By Correy Faccini,
Head of Marketing at Smart Spaces
Sustainability and net zero objectives are rightfully sitting top of mind for many building owners, operators and asset managers. This is no small task though. The path to net zero is paved with strategy, policy, scrutiny, and financial burden. As the UK Building Council states, 80% of buildings that will be standing by 2050 have already been built. For these buildings to reduce their carbon emissions, they’ll need to be upgraded.
Retrofitting these existing buildings with energy efficient systems is a clear solution, but it’s also a costly one. Deep retrofitting is ideal, but this is only a realistic solution in a small number of cases as this will essentially rely on gutting a building to its shell and starting again.
The most appropriate option for many buildings is to scrutinise energy usage and identify inefficiencies. It’s not enough to simply rely on those within the building to make sustainable decisions, the emphasis is on building owners, managers and operators to take a more strategic approach.
The answer may lie in emerging technology and the adoption of a data driven approach. By equipping yourself with the data regarding a building’s performance, it’s clear to see where the inefficiencies lie. This can help building owners, operators and asset managers take action in the areas that will have the greatest impact. This data can be paired with artificial intelligence and machine learning to build automations that are designed to reduce energy consumption.
Internet of Things (IoT) connected technology is rapidly growing in popularity, setting a clear precedent for the future of the built environment. Thermostats, lighting, HVAC systems, sensors and cameras become connected devices that collect, analyse, and respond to real-time data. This data can be fed into a single unified platform to create a clear picture for how a building is being used.
Smart building management systems make it possible for users to control systems like the heating, ventilation and air conditioning (HVAC). This enables workers to create their own microclimate, helping to boost productivity and ensuring workers feel more valued. Smart HVAC systems create a healthier workplace through providing maximum comfort and improved air quality. They should also be a key priority for buildings with net zero ambitions as HVAC systems account for almost half a building’s energy consumption.
By integrating IoT technology into the HVAC system, it’s possible to set automations to ensure use is limited in rooms which are not occupied. Sensors will be able to monitor where a building is being used and where it remains dormant. For rooms which aren’t occupied, the HVAC system will be switched off to reduce unnecessary energy usage. Additionally, for areas which are in use, these sensors will be able to monitor air temperature ensuring air conditioning is switched off when the temperature drops below a certain threshold.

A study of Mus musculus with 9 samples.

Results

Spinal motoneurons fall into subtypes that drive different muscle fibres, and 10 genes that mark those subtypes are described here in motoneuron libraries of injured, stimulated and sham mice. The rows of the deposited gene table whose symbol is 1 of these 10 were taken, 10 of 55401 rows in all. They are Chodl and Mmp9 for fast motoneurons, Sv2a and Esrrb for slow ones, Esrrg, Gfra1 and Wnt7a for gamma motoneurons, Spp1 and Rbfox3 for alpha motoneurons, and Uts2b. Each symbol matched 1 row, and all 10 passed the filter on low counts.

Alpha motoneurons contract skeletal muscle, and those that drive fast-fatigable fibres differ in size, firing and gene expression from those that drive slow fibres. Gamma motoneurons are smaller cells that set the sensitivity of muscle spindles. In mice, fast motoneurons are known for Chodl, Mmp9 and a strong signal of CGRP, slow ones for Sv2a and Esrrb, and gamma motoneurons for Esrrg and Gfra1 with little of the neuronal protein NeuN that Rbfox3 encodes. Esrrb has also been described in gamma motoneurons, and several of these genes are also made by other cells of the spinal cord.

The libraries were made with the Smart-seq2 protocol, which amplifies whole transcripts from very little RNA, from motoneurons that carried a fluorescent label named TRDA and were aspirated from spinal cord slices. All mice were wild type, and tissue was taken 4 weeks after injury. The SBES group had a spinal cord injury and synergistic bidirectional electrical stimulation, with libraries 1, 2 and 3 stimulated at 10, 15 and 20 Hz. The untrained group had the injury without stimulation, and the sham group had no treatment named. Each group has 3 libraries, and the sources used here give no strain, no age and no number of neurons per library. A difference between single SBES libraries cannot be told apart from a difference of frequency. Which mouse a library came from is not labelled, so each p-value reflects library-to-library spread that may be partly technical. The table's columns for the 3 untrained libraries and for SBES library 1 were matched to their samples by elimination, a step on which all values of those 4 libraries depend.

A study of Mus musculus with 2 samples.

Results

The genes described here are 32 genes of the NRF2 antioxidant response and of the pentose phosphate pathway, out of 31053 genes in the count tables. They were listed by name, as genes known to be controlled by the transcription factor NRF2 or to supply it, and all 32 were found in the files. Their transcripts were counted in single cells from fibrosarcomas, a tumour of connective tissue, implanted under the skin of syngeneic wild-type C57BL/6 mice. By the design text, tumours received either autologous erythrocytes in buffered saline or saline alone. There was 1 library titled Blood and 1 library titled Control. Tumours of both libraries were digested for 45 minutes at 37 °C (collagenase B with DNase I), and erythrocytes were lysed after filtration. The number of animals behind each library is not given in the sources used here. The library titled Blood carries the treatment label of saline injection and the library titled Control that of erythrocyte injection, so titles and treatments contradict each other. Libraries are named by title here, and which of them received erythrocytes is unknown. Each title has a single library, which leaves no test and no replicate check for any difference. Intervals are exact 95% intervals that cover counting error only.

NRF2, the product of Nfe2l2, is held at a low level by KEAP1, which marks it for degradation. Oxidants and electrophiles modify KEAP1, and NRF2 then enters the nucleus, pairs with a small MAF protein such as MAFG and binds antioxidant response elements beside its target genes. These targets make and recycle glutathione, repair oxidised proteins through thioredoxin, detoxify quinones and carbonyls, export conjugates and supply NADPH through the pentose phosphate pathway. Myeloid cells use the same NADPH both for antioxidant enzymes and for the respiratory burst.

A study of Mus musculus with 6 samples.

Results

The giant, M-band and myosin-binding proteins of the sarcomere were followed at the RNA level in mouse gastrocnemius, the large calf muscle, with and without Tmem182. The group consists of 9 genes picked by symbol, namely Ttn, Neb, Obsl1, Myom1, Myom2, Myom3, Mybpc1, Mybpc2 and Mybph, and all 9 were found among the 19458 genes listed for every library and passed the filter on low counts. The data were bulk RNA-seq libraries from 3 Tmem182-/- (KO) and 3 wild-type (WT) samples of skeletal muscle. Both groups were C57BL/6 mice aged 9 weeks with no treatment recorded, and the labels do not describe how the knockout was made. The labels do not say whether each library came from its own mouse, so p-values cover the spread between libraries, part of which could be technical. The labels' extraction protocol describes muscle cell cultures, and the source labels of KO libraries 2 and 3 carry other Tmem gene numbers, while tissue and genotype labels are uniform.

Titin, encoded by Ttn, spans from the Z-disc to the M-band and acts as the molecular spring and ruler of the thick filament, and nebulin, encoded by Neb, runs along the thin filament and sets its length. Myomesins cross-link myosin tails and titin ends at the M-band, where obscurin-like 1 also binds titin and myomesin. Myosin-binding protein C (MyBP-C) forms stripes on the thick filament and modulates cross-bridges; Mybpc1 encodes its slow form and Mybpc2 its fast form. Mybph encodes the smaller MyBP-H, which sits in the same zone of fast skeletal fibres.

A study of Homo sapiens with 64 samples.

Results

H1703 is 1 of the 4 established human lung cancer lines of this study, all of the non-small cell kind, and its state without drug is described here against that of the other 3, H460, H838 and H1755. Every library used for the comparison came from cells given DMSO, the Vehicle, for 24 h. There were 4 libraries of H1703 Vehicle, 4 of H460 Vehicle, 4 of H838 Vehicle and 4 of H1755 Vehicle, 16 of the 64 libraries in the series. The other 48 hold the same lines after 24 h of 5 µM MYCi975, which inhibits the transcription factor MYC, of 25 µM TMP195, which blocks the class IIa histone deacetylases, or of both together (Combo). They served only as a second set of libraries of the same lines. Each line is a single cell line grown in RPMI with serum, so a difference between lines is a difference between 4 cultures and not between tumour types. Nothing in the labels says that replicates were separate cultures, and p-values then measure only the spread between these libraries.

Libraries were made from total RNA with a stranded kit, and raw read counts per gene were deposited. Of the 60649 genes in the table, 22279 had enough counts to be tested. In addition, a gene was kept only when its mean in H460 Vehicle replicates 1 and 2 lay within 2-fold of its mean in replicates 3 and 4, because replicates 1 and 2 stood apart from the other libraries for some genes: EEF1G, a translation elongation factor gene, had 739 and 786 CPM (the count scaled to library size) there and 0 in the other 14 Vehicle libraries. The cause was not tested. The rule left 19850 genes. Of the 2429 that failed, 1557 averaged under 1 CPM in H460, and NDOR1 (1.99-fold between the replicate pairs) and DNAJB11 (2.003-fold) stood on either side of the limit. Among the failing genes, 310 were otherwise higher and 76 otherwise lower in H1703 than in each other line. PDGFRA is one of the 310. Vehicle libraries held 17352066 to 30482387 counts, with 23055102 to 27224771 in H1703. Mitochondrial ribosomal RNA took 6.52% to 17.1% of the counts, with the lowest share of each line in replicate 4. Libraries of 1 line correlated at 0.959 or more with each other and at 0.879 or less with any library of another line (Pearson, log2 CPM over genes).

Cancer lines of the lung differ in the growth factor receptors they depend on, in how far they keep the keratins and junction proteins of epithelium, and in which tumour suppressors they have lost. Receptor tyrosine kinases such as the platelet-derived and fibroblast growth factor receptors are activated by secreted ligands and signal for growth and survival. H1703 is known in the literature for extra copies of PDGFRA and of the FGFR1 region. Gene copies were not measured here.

These sensors can also be applied to lighting and other electrical appliances. If the natural light improves, it can adjust the internal lighting to reflect this. If rooms aren’t in use, the lights can be switched off and TVs, monitors, and appliances switched to energy saving mode, removing the need to rely on workers to remember to do this when leaving a room.
In addition to reducing carbon emissions, businesses will also see this technology reducing operational costs, improving efficiencies and enhancing productivity. The office will soon become a highly optimised place, immediately adapting to the changing environment outside, including natural light, temperature, and air quality.
Smart buildings will also be able to sense when a particular machine or system isn’t functioning adequately. Sensors will be able to identify where and when maintenance is required and immediately contact an engineer to solve the problem. If a specific aspect of the system is wasting too much energy due to its poor functioning, this can be isolated and fixed at speed, rather than waiting for a person to spot the issue.a\
The move towards net zero will take time, however small incremental changes can be implemented today. The built environment is responsible for 40% of carbon emission globally, meaning a renewed approach to energy consumption and sustainability is vitally important. By relying on technology and data, building owners, operators and managers can regularly audit how their assets perform and clearly identify where changes need to happen.